Kiwi landowners who have locked property into QEII covenants are spending an estimated $25 million of their own cash each year to protect native species and environments.
That estimate comes from a study published today by the University of Waikato Institute for Business Research, which further found the landowners, predominantly farmers, had made an overall financial commitment of around $1.1 billion to $1.3b since the QEII National Trust was established four decades ago.
QEII open-space covenants, crucial for protecting New Zealand's most vulnerable terrestrial biodiversity, which is mostly found on private land, are legally binding agreements that are registered on the land title and protect the associated land and its natural values forever.
The covenanting landowner and subsequent owners retain ownership of, and management responsibilities for, the protected land.
The QEII National Trust is the perpetual trustee to ensure the covenant aims are achieved by monitoring the covenant and advising and supporting the landowner.
The 4300 covenants now protect about 180,000ha, the study found, and an average of two covenants have been established every week since 1977.
The area being protected by covenants was still growing, and a further 115 are on track to be registered this year.
The analysis further showed how more than half of covenanted areas would have had an alternative economic use, such as grazing, residential development or exotic forestry, that would not happen once the landowner covenanted the land to protect its natural values.
The total estimated maintenance expenditure on covenants was $25 million a year and, calculated over 30 years, had a net present value of $387 million; equating to an average of just under $6000 for each covenant every year, or $150 per hectare of covenanted land.
Conversely, total "opportunity costs", or the loss of potential income from other alternative uses, associated with the covenants was estimated to be in the range of $443m to $638m.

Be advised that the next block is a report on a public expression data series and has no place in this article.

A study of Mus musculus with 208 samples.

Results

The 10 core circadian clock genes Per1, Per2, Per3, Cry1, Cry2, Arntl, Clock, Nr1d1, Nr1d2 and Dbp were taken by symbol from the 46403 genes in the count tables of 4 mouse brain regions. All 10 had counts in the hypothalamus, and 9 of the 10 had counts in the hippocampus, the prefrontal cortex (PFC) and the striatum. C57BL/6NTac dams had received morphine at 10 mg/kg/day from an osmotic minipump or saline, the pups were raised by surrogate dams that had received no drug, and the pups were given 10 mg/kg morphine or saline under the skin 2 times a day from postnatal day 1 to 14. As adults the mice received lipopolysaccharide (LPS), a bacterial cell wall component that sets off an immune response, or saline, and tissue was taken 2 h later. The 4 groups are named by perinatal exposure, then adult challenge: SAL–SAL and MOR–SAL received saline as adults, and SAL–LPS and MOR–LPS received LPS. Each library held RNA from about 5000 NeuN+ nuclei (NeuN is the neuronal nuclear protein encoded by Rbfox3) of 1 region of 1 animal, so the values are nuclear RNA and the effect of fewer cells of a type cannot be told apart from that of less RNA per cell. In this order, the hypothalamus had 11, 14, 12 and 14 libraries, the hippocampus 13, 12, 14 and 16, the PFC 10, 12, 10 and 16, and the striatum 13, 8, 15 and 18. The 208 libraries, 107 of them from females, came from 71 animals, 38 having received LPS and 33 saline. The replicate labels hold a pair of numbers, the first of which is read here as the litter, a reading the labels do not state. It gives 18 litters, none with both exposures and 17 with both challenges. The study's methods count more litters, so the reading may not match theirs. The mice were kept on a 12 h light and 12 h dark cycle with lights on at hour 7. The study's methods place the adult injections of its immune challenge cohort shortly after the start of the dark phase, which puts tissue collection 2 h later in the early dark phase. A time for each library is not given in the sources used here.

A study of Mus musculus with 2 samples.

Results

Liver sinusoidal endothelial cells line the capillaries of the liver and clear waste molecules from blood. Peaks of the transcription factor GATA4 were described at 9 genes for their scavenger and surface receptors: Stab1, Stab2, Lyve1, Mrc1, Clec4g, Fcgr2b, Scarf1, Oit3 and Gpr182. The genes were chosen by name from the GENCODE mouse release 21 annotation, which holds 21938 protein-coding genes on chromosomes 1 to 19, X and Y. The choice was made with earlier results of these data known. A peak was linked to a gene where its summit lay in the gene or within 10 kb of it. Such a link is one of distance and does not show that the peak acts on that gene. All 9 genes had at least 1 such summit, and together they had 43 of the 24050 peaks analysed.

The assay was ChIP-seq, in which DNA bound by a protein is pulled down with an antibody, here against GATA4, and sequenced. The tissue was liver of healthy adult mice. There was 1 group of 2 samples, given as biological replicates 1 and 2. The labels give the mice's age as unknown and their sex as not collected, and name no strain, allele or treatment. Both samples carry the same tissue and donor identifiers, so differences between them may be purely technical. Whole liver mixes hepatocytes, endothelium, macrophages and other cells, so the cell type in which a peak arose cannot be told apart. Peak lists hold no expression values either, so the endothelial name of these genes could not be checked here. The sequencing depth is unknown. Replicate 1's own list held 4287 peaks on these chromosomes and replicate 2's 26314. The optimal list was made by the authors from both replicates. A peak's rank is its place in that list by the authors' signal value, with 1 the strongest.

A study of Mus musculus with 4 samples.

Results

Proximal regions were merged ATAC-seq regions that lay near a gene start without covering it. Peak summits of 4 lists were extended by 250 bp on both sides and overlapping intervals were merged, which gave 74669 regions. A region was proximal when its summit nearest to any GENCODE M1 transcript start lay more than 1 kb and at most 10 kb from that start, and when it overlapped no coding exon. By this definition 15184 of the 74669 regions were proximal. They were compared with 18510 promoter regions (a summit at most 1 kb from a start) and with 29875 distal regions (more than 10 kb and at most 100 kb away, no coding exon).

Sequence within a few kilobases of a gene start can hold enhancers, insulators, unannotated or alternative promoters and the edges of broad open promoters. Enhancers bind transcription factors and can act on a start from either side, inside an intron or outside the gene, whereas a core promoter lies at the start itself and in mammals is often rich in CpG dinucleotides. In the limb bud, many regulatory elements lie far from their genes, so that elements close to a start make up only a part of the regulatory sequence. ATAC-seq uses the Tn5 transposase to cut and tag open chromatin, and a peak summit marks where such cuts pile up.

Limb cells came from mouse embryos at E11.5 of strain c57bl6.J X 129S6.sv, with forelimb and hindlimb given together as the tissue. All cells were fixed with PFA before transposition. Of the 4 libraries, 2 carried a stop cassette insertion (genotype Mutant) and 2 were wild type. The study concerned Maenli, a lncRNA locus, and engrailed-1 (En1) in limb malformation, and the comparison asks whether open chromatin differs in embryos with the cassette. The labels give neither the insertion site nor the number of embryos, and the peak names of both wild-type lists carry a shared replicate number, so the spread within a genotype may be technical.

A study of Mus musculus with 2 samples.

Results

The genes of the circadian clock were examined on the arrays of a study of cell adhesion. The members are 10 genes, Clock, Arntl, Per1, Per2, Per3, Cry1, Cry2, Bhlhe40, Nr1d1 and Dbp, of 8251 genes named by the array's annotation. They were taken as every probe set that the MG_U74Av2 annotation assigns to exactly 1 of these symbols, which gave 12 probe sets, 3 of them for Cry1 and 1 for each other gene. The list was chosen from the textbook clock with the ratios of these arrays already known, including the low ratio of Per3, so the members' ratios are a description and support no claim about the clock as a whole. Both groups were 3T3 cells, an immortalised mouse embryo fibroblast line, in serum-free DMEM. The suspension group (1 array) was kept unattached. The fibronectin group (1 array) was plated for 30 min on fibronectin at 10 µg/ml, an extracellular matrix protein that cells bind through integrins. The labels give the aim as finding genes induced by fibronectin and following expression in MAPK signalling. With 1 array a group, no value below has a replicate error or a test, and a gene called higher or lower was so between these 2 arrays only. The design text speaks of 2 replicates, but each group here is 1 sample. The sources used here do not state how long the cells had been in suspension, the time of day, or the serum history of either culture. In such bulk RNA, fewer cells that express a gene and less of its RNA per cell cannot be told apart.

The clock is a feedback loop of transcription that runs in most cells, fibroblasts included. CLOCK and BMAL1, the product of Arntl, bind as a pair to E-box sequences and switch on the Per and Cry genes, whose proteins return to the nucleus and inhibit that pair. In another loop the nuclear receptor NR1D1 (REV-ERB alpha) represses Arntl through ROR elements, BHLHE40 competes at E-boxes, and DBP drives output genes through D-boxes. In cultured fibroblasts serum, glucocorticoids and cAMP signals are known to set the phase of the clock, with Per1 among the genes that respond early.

That equated to about $105,000 per covenant or $2657 a hectare of covenanted land calculated over 30 years.
The study was commissioned to provide a framework for estimating the cost-effectiveness of conservation activity arranged by the trust.
''This is the first time the National Trust has undertaken research of this nature and it has given us a clear indication of the huge investment landowners around New Zealand have made in covenants since the National Trust was set up 40 years ago," trust chairman James Guild said.
"With the release of this report we acknowledge the hard work, philanthropy, generosity, and passion of the thousands of landowners who have voluntarily elected to covenant special places on their land with the National Trust."
The study's release co-incided with the launch of the Stephenson Fund for Covenant Enhancement, setting aside $150,000 a year to support covenantors with strategically important projects.
It can also be used to help covenantors with recovery plans for their covenants after being hit by extreme natural events, or if they were facing other challenges such as large financial burdens or health issues.
The fund did not draw on taxpayer money, but came from other sources such as bequests, donations and revenue from the National Trust's investment portfolio.
According the trust's last annual report, current baseline resourcing meant it could afford to establish about 110 covenants a year, which is fewer than the demand from landowners.
When the trust's 4000th covenant was opened in 2015, an Environmental Defence Society researcher voiced concern over whether its annual Government funding of $4.27m was enough to help it protect important biodiversity on private land.